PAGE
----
The Magical Gardens of Philadelphia’s Isaiah Zager

Visitors marvel at interior art of Philadelphia's Magic Gardens
Philadelphia’s Magic Gardens is a unique, multi-level, walk-through artistic experience. Exploring one of its many wildly decorated spaces are Safa Browne of the University of Pennsylvania, Tania Calle of Williams College and Zara Wermers of Tufts University.

Philadelphia’s nineteen-year-old Magic Gardens is a sprawling, multi-level work of outsider art by Isaiah Zagar executed across a space that once held three row homes. Architectural in size with fantastical interior shapes, every inch of every surface — floors, walls, ceilings — is covered in mosaics made from individual ceramic artworks along with assemblies of rusted bicycle wheels, colored bottles, smashed and whole kitchen china, shards of mirror, twists of iron and other odd and ends of folk art and industrial debris. (Google map)

Artist Isaiah Zagar in his element
Often on hand to regale visitors with tales of his Magic Gardens and colorful career is 80-year-old Isaiah Zagar, a formally trained fine artist (Pratt Institute) who went on to become one of the country’s most acclaimed mosaic masters.
A second of the Magic Gardens artworks
One twelve-foot section of interior wall contain’s Zagar’s declaration of the purpose and goal of his massive work of concrete and found objects: “I Built This Sanctuary to be inhabited by my ideas and my fantasies.”
Crowds line up Philadelphia's Magic Gardens
A major Philadelphia tourist site, the Magic Gardens draws busloads of visitors. On good weather days (much of the maze-like structure is open to the sky and elements) they begin lining up along its junk-art sidewalk wall.
South Street is one of Philadelphia's famous tourist attractions
The site is part of Philadelphia’s South Street District that, over the last 50 years, evolved from being inner-city wasteland to a commercially viable and often zany celebration of local culture and arts.
In an artistic grotto of broken glass, bent metal and slathered concrete
Shanarra Turner, a student from the University of Michigan, wanders through one of the tunnels of three-dimensional artistic clutter.
Architectural arches in Philadelphia's Magic Garden are covered in pieces of broken mirrow.
Another visitor passes through the arches where tens of thousands of mirror shards cover every surface, creating different light effects throughout the day.
Main stairway of the Magic Gardens
The largest and most ornate of the several stairways throughout the structure leads to the lower labyrinthine area that was once the basement of two row homes.
Ceramic tiles cover stairways in the Magic Gardens
A view from the top of the main stairway reveals the mosaics and ceramic art that cover the stairs.
Bottles and old bicycle wheels are a frequently used construction in the Magic Gardens
Part of a story-high wall features a “bicycle wheel window” to an inner courtyard.
A quiet nook with ceramic tile seats
This is a quiet nook where visitors can relax on ceramic seats as they contemplate their experience.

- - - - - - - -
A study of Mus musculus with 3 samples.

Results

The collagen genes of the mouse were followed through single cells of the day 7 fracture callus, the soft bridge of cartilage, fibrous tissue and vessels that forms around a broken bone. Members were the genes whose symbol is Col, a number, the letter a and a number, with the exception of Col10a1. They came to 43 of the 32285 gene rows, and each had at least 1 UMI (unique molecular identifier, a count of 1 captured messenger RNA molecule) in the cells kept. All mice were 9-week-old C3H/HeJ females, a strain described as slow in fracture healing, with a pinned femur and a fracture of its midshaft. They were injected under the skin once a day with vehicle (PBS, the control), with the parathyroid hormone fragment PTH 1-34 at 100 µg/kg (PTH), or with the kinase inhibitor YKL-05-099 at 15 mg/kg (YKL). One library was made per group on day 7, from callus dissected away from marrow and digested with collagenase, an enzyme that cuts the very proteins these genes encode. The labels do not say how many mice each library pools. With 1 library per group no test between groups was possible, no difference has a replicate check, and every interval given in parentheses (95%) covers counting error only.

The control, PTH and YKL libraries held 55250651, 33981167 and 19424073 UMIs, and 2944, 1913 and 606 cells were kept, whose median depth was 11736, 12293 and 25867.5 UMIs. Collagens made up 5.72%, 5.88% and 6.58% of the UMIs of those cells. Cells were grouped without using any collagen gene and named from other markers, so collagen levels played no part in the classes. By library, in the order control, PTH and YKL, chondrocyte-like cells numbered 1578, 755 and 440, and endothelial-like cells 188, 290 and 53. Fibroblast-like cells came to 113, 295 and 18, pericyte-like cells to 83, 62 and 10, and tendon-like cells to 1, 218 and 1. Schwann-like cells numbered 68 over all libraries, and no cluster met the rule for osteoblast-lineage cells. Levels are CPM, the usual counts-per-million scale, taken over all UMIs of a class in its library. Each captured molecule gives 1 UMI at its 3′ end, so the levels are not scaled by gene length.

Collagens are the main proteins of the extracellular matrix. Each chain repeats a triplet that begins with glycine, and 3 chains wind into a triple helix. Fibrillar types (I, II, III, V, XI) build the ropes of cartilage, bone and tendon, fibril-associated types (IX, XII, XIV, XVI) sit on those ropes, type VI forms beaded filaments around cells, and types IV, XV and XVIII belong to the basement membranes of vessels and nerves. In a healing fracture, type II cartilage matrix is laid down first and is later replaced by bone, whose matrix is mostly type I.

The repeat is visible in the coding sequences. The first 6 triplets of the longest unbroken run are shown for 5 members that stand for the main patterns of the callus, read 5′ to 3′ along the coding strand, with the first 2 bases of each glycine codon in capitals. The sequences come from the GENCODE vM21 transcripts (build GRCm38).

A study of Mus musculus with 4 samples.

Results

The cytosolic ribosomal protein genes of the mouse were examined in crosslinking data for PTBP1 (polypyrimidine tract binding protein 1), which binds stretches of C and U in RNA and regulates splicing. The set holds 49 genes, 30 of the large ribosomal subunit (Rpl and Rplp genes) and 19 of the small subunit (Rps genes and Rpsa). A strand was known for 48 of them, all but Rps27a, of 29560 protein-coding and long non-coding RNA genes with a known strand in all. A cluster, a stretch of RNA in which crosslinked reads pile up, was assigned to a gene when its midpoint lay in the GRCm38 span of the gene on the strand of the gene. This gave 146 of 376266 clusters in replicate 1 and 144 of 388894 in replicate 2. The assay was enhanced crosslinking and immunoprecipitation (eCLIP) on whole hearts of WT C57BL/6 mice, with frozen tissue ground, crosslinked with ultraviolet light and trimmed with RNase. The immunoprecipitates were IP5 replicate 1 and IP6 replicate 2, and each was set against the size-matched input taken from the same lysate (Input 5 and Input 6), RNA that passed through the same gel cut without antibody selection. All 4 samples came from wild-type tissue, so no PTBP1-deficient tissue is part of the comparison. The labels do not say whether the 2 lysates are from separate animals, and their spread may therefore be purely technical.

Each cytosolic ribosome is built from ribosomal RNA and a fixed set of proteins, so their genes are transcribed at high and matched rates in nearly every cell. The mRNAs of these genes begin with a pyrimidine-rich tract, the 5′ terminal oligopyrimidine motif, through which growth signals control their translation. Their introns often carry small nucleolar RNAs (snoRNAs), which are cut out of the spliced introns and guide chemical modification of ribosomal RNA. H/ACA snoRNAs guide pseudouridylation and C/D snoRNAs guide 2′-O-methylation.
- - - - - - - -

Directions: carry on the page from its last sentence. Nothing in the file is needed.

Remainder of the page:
A tunnel of mosaic artworkers in the Magic Gardens
In 1968, after a stint with the Peace Corps in Peru, Zagar and his wife, Julia, moved to the then-dilapidated, low-rent neighborhood of South Street in Philadelphia, opening a shop for South American folk art.
A giant human figure waves at crowds moving through the Magic Gardens
After opening the Eyes Gallery on South Street in 1968, Zagar began creating an attention-getting mosaic on the front of the shop; it was the first of what would ultimately become hundreds of mosaic art works on Philadelphia buildings.
From a lofty observation spot, a visitor looks agog at the Magic Gardens below her
It took Zagar twenty years to build the entire Gardens that consumed enormous quantities of cement and put his skills as a ceramic artist, graphic artist, self-taught architect and highly productive dumpster diver to good use.
Courtyard of Philadelphia's Magic Gardens
In what serves as the main courtyard of the the Magic Gardens, a docent (red shoes) explains the overall structure to a group of student tourists.
Interior ceramic work on the walls.
In a dramatic change of color palette, this area of wild oranges and reds is part of the art gallery and meeting spaces in the closed-in row home structure that anchors one end of the Gardens.
A grotto of abstract human faces executed in ceramic tiles
The many portraits embedded in the walls are of real people, either artists Zagar admires, artists that he works with or other peolple who have played some role in his life and work.
Folk art objects from South America are embedded in the walls
Zagar and his wife’s Eyes Gallery are still in the South American folk art business with a good deal of their imports have ending up in the Garden’s walls.
Thousands of bottles and tons of cement were used in the Magic Garden displays
Zagar’s Magic Gardens began in 1994. It owes its existence to a teenage experience Zagar had as a young artist visiting the mountainside outsider art mansion of Clarence Schmidt in Woodstock, New York. The creative kinship can be recognized in photos of the late Schmidt’s site.
Art gallery exhibits at Philadelphia's Magic Gardens
Aside from being a tourist site, the actual converted rowhouse that anchors one end of the Gardens is fitted out as an art gallery with a constantly changing series of exhibits by both local and national artists.
A lone visitor is dwarfed one of the Magic Garden galleries.
Also a community site, the Gardens hosts a wide range of gatherings and celebrations, along with educational sessions for budding artists interested in exploring the mechanics and aesthetics of creating architectural and other kinds of mosaic works.